In late April, I taught at the Goshen County Quilt Guild in Torrington, WY. This is a small farming community with a population of under 6,000, but the quilt group is thriving and active. I had a huge class of 22 students for my Bargello Quilts with a Twist class. I was concerned about teaching such a big group, but they were wonderful and all did really well. I loved teaching this as a two day class and snowy weather didn’t deter anyone from showing up on the second day. Having the second day allowed everyone enough time to complete a good number of blocks and to play with the orientation to design their quilt tops. There were so many options and a great variety of different fabrics. Here’s a sampling.
For the purple one, the large squares in the blocks were cut separately so that the little mountain scenes and trees could be fussy-cut and their orientation manipulated to the right way up. The striped fabric in the other one adds to the secondary patterns created when the blocks are put together. Both of these have 16 blocks.
The elongated pattern made from 16 blocks is an interesting design. On the right, this lady made 32 blocks and this was her first ever quilt!
These last two are made from the larger 9-1/2″ block size. On the left, we were auditioning different sashing fabrics to see which ones worked best. On the right, the large squares were cut separately, creating a lovey kaleidoscope design in the center.
In late April, I taught at the Cheyenne Heritage Quilters’ Guild in Cheyenne, WY. It was a large class of 19 ladies and each designed their own unique Kaleidoscope Puzzle quilt. It’s always fun to see the patterns emerging and the variety of fabrics that the students bring to class. They learn a great deal by looking at the fabric combinations used by their fellow students and also the importance of choosing a variety of values, (contrast between the different fabrics), so that the patterns they create are easily visible. They could design squarely set or on-point quilts. Here’s a sampling of their work.
In late of April, I taught in Cheyenne, WY and visited The Quilted Corner quilt store at 309 W Lincolnway, in the heart of downtown.
The store is inviting, with over 2,500 bolts of quilting cottons and many lovely quilt samples hanging on the walls. I particularly liked the striking Snail Trail pattern in combination with the stars.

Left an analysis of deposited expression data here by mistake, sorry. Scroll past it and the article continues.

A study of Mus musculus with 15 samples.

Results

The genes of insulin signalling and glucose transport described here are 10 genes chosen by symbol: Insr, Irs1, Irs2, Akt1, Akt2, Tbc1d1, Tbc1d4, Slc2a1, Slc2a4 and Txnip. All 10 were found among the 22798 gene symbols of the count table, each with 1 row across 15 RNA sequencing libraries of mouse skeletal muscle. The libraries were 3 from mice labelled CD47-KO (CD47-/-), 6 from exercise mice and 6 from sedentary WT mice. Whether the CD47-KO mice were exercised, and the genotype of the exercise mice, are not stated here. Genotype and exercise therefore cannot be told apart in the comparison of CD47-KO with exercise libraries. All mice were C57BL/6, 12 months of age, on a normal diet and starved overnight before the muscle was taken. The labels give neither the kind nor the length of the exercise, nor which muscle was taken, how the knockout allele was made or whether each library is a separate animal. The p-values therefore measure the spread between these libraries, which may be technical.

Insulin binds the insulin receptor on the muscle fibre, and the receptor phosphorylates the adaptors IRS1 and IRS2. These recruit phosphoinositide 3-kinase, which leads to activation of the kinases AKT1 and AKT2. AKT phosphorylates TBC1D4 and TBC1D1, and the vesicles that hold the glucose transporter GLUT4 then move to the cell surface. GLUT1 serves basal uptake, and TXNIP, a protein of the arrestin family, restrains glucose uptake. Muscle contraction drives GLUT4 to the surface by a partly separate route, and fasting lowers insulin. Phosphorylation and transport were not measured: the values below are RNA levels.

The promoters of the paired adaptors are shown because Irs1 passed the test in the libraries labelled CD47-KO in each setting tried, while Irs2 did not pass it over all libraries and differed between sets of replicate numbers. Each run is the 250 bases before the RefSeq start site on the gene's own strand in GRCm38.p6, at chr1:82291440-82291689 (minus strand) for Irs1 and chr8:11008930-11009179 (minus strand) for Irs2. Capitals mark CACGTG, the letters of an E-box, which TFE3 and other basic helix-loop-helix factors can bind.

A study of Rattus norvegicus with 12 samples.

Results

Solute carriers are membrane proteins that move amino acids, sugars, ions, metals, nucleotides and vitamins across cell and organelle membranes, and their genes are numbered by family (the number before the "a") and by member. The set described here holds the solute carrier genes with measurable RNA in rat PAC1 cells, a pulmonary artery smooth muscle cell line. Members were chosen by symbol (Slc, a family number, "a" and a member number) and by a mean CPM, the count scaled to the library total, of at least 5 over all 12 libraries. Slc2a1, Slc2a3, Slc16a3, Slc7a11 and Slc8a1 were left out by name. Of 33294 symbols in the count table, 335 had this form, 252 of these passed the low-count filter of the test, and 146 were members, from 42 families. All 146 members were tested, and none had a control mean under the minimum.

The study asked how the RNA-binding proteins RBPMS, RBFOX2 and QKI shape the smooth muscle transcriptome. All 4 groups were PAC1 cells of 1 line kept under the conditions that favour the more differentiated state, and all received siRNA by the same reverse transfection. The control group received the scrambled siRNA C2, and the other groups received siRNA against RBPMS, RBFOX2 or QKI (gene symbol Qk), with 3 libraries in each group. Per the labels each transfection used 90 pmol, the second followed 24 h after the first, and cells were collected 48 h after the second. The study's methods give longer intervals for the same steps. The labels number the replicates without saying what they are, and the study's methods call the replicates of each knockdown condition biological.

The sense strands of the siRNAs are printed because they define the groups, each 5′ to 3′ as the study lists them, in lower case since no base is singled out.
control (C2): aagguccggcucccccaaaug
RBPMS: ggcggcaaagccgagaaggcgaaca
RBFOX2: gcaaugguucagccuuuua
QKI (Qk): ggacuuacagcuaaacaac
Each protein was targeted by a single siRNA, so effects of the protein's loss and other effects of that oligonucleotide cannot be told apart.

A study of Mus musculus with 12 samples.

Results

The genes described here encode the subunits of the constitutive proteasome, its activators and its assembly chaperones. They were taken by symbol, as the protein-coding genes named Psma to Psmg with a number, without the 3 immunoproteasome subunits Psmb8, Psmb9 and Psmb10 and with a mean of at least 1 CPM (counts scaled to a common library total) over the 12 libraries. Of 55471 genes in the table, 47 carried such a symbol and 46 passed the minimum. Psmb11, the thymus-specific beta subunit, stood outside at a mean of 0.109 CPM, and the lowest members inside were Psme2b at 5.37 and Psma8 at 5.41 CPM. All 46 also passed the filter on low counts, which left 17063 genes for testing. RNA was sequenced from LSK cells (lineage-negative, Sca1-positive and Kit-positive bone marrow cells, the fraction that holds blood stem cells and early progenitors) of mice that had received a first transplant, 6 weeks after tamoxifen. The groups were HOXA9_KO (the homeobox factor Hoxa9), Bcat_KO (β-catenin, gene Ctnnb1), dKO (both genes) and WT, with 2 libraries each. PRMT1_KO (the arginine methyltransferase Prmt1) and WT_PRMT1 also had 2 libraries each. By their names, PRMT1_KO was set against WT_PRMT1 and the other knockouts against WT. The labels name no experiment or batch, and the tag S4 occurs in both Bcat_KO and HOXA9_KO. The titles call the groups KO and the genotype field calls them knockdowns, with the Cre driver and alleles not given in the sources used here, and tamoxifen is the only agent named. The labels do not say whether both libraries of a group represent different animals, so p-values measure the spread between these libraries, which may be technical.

The local specialty fabrics have the Wyoming W and the bucking bronco motifs. These are produced especially for retailers in WY and aren’t available anywhere else. The quilt behind the lamp is made with one of these bucking bronco fabrics.
The store offers a large selection of Accuquilt cutting dies and has a club that meets one a month to offer tips on using these. There is a classroom in the back and they teach a variety of quilting classes.
If you are in Cheyenne, pop in and check out this store. As well as fabric, they are well stocked with notions, books and patterns.
When I was teaching recently at the Cheyenne Heritage Quilters in WY, one of my students had these nifty wrist band pin cushions. The original one, with the cream flower-head pins, came from Stretch & Sew over 35 years ago. She found the new one at the Creative Needle, a quilt store in Littleton, CO. I like this design. The plastic base under the felted area prevents pins from going all the way through and pricking the wrist, and the pins are all vertical, so are easy to access.
New ones are also available on Amazon here.
Ann Person founded the Stitch and Sew company in the late 60’s. Sewing was taught in home economics classes in schools, but the curriculum rarely included sewing with knits. Ann taught home sewers how to create a multitude of knit garments through her classes, patterns, and instructional materials. Her novel technique, “Stretch and Sew”, employed a straight stitch or zigzag stitch so was easy to execute using a home sewing machine. She opened her first store in Burns, Oregon, in 1967, where she sold patterns and fabric and gave sewing lessons. Franchising was becoming popular in the United States at that time, and she took advantage of the trend. In the mid-’70s, there were 353 Stretch & Sew stores worldwide, as far away as Canada and New Zealand. She wrote dozens of instructional books, most of which can still be found on Amazon, eBay and other online sites; created over 200 patterns; and even developed her own sewing machine. Ann passed away at 90 years of age in August 2015, leaving an amazing legacy.
I was delighted to revisit the quilting store, One Quilt Place, in Fredericksburg in March when I was teaching in the area. I first went there three years ago, when my host at the New Braunfels Area Quilt Guild took me sightseeing in the Hill Country. It was fun to reconnect with Beverly Allen, the owner, and to see how the store has expanded with a 1000 square feet addition making more space for inventory, and accommodating two long-arm quilting machines. They offer classes in long-arm quilting and rental of the machines, and are also dealers for Handi-Quilt machines.
I was impressed with the variety of fabrics in this lovely light and spacious store. Special areas were devoted to holiday fabrics, patriotic, batiks, solids, 30s-40’s reproduction, Civil War reproduction, TX wildflowers and more. There was a nice area especially for wool. In addition to the fabrics, they had a great selection of books, patterns and notions.
This store is definitely worth a visit if you are in the Hill Country. If you are lucky, like me, you will see swaths of bluebonnets outside too!